The Hymenocallis lily bulbs are often called spider lilies because of their similar form to the spider. This bulb grows and begins flowering as a native American bulb that is found growing along the banks of the Warrior River in Southern Georgia, and this lily always blooms around Mother's day each year with beautiful white fragrant flowers. Other types of hymenocallis plants are native plants to South America, and the flower colors are white or fragrant yellow.
The hymenocallis bulbs from South America are good for containerizing or growing out-of-doors in zones 8 through 10, and their normal flowering period is June and July.
The Sulphur Queen Hymenocallis is cold hardy in zones 8,9 and 10, and the plant enters dormancy during the fall and sends up a flower stem with 4 or more trumpet shaped yellow flowers in June. Within the lacy frilled cup from the flower face, arises 6 narrow filaments of gold, giving the flower an exotic and dramatic flair. A wonderful, eclectic fragrance rushes from the interior flower cup to delight the attentive gardener. In Northern climates, these winter dormant bulbs are often planted in containers for indoor flowering.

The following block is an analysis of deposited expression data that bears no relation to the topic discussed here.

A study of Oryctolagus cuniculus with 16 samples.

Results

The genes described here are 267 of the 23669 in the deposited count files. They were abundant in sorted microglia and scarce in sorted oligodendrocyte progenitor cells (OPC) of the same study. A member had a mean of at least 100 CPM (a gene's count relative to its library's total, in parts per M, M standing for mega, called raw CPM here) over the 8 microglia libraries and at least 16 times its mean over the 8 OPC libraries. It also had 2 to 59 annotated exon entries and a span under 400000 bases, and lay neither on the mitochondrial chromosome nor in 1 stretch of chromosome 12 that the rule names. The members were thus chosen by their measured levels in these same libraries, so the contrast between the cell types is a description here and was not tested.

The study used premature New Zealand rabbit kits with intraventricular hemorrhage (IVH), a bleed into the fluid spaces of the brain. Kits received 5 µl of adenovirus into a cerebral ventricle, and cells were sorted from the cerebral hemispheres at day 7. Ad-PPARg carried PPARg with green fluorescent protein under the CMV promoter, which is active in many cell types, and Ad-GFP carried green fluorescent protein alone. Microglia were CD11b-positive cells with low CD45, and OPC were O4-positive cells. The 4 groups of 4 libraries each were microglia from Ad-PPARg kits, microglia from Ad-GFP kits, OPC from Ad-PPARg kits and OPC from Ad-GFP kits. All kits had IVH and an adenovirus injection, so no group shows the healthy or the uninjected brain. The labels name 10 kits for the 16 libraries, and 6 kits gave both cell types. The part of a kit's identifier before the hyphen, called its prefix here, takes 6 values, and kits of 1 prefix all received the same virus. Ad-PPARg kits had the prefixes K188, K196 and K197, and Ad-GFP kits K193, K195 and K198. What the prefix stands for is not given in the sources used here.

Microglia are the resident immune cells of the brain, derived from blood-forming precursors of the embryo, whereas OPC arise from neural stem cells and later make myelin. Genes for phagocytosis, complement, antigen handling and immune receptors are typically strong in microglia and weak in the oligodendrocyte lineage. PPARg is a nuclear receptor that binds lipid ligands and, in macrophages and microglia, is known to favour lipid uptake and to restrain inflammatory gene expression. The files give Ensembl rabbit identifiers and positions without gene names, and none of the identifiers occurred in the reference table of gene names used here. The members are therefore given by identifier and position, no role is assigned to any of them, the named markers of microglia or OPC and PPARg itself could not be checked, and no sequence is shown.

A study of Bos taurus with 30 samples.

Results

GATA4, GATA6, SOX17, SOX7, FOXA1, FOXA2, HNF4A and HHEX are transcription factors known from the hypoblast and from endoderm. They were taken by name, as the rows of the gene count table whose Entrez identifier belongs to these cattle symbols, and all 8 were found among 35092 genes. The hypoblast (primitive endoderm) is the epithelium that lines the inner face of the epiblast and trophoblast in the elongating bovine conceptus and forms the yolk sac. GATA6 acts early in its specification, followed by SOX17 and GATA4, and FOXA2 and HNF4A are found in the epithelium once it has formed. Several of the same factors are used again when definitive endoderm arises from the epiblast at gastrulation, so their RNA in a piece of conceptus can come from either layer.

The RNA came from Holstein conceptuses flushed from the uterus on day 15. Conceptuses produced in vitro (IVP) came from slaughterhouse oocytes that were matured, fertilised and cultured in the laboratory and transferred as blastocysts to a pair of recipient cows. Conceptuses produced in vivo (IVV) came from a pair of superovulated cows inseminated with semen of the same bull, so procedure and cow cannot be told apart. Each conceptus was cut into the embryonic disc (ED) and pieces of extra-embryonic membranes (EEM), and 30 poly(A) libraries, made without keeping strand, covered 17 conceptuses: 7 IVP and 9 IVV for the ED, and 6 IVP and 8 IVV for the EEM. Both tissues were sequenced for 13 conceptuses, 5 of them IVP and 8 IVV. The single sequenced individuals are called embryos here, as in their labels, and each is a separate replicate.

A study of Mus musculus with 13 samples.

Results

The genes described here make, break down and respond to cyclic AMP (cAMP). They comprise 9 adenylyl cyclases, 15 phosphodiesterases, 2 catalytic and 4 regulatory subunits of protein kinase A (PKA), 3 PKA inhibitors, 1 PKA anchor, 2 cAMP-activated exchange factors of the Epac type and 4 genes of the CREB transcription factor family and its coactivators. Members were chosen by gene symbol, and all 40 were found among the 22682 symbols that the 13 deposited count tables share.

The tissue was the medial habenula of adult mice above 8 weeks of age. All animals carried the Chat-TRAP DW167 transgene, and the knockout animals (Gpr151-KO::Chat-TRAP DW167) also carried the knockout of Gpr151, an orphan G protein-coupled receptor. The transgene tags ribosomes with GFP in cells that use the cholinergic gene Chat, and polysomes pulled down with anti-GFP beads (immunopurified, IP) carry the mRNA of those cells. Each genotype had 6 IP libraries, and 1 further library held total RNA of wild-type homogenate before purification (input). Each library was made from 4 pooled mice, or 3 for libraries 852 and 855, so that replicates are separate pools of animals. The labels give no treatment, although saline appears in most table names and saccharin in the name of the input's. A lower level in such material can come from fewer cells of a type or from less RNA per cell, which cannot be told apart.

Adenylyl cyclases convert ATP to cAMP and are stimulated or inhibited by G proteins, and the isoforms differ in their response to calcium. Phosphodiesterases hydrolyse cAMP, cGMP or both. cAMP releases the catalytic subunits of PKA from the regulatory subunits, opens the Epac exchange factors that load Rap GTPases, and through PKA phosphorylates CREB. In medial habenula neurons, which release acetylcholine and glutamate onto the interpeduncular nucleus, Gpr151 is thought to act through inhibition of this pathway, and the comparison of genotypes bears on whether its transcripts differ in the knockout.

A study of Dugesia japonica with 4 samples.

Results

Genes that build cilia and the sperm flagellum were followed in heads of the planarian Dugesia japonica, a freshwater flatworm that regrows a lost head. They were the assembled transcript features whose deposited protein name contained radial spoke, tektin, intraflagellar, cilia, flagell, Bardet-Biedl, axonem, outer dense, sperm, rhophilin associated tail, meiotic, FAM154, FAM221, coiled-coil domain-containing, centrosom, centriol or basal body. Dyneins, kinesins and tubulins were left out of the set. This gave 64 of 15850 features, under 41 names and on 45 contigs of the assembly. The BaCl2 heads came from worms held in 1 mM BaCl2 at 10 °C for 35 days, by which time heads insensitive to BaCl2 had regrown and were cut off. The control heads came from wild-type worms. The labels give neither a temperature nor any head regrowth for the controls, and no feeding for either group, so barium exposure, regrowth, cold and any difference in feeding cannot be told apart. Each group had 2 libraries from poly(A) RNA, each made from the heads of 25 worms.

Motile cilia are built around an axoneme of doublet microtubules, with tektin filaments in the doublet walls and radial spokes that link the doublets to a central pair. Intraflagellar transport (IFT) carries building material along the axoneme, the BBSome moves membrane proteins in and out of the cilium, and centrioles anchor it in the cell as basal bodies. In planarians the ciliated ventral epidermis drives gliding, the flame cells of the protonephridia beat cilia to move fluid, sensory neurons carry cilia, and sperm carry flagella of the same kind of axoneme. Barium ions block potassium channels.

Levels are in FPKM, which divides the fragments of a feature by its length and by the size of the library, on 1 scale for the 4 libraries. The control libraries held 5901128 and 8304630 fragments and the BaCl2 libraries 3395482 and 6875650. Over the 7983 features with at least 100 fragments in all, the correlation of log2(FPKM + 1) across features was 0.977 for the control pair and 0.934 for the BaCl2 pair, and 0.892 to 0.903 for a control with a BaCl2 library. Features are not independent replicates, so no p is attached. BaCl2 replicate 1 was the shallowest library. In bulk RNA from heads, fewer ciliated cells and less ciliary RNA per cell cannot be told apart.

Hymenocallis Zeylanicum Bulbs
This delicate white flower, Hymenocallis zeylanicum, originated in the far east and is covered with one foot amaryllis-like leaves that rise from the base. The flowers are pleasantly perfumed with an exotic fragrance, and the bulb is about the size of a hen's egg and is cold hardy out of doors in zone 8, 9, and 10. The cup shaped, centered, white flower is implanted with short stamens near the lip circumference, and at the base of the cup, six slender white bands radiate and reflex gracefully, and you may agree that this plant is unlike any other flower. For those tropical bulb collectors searching for the exotic and rare flower, this lily may fit into their special garden or container.
Riparia Hymenocallis Bulb
This rare flower was imported by Ty Ty Bulb Company in 1978 from India where it was said to be native flora. The amaryllis-like leaves are much smaller than most hymenocallis and the flower stem grows about 3 feet tall, topped by 4 to 6 white spidery-like flowers richly perfumed. The brown bulbs are about the size of a hen egg and the flowering occurs in Southern Georgia in late August and September. The Hymenocallis riparia grows abundantly along walkway paths and enters dormancy at the first frost.